We know Apple has had a lot of success pushing iPads in education, and during Apple’s Q3 conference call, CEO Tim Cook said the company would continue to be “very aggressive”. Apple’s iPad 2 sales in the K-12 market doubled y-o-y in Q3 thanks to a price drop to $399. In Q2, Apple said it sold about a million iPad units to the United States education market. With Apple’s upcoming iPad mini announcement possibly bringing an even lower price point for iPads in education, Amazon is announcing its plans today to get Kindle tablets into schools.
Reuters reported today that Amazon is launching a service, called “Whispercast”, aimed at allowing schools to easily deploy and manage multiple kindle devices:
Amazon said it has been testing Kindles in recent years with hundreds of kindergarten through 12th grade schools in the United States, selling the devices at bulk discounts and helping them purchase and distribute e-books to students.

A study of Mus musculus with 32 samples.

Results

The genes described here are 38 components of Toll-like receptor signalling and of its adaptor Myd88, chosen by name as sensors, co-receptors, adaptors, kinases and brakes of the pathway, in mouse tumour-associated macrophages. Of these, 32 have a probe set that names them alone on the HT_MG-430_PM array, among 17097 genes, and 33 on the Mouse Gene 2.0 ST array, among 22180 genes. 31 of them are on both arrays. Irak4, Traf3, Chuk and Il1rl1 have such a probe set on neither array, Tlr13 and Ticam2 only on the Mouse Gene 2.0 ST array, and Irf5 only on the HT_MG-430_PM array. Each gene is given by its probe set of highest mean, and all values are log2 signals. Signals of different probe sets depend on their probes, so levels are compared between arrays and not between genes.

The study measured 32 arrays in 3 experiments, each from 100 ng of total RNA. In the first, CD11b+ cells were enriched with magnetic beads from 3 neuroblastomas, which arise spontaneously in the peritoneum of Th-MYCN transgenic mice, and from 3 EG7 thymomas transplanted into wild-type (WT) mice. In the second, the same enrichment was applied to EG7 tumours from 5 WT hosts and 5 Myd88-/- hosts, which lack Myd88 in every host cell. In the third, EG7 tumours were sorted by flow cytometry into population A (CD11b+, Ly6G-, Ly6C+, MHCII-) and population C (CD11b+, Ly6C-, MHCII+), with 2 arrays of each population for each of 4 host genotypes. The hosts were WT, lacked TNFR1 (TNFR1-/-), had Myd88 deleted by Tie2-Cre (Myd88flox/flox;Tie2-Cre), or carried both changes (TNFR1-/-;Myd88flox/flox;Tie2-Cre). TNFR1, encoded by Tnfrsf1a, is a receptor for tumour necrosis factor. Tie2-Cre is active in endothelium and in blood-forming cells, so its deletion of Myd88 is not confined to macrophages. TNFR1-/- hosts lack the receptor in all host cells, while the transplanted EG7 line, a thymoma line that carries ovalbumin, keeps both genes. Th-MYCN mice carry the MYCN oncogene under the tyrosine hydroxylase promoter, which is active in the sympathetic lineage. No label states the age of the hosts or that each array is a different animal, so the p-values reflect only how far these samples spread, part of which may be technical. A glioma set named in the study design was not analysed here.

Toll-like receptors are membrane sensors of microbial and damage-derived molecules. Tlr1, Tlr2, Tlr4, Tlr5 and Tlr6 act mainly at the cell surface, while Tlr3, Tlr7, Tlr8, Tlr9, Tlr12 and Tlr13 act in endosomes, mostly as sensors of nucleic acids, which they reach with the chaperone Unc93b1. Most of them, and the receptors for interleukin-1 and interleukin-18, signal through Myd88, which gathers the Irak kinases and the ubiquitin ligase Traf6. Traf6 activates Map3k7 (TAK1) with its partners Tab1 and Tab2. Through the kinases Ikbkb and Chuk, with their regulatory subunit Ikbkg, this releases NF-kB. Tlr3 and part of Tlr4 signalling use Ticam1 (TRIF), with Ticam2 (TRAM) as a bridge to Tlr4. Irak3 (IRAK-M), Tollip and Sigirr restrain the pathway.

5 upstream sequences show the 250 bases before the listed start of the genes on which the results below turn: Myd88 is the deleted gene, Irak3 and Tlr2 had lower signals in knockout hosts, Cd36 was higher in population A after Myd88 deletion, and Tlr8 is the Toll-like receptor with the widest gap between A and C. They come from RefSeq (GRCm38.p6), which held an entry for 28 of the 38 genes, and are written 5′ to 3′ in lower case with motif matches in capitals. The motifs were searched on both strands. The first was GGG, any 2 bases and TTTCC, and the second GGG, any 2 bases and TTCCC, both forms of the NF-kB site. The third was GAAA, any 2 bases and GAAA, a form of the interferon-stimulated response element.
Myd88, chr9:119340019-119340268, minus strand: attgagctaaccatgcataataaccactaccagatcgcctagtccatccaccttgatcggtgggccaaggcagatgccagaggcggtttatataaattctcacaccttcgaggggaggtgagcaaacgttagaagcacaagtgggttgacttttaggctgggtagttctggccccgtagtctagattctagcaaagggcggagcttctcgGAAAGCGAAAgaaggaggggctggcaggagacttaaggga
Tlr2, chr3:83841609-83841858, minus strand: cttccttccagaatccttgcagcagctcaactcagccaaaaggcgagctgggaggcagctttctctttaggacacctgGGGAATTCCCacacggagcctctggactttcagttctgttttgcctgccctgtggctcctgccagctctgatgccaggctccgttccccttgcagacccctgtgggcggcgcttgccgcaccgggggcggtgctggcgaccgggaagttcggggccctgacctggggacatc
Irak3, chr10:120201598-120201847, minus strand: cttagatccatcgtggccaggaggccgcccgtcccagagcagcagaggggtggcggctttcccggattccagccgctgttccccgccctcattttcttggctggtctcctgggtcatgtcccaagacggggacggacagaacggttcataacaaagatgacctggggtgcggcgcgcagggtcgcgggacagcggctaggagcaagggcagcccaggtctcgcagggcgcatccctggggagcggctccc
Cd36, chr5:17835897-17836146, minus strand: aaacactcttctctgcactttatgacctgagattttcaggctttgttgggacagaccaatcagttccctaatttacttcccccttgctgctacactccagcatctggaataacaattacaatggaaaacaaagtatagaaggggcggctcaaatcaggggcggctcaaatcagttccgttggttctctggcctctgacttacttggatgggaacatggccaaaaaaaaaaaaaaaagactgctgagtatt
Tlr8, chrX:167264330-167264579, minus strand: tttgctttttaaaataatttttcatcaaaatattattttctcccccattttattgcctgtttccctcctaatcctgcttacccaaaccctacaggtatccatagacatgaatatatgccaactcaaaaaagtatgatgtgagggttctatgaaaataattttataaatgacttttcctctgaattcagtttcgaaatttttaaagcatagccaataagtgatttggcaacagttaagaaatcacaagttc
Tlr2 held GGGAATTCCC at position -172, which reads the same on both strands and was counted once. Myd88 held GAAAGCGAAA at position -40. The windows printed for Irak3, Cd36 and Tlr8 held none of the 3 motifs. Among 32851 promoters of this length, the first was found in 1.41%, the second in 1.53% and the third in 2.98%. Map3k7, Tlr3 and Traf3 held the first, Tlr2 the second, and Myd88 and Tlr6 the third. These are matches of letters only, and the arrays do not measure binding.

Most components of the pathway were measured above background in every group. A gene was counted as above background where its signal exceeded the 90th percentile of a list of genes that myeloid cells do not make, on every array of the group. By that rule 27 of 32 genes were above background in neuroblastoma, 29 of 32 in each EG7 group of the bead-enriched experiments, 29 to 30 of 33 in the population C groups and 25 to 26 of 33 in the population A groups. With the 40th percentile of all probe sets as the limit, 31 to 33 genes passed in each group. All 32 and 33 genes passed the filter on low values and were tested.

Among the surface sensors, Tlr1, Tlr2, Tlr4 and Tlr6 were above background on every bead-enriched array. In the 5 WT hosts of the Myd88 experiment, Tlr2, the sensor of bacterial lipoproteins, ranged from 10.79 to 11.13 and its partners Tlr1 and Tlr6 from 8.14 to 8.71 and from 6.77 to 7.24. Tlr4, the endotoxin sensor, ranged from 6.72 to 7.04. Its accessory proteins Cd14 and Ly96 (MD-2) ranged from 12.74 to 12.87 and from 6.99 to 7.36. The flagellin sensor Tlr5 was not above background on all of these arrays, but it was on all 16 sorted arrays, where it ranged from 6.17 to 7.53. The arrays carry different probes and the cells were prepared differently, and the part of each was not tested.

Administrators and teachers can set up user accounts for each student and arrange them into one or more groups, such as a specific class or grade level. They can also set limits on what students can do with the devices, such as blocking Facebook and web browsing and disabling purchasing, Amazon said.
Amazon’s education push is part of a broader effort by the world’s largest Internet retailer to get Kindles into as many hands as possible.
Earlier this week, we told you Apple plans to sell 10 packs of iPad minis to education for a discount. It will be interesting to see how much of a focus education is at Apple’s media event on Oct. 23. Amazon is hoping Whispercast will make things easier for business customers too—another tablet market Apple has a firm grasp on. It will also have to compete with the more than 20,000 education and learning iPad apps on the App Store as of January.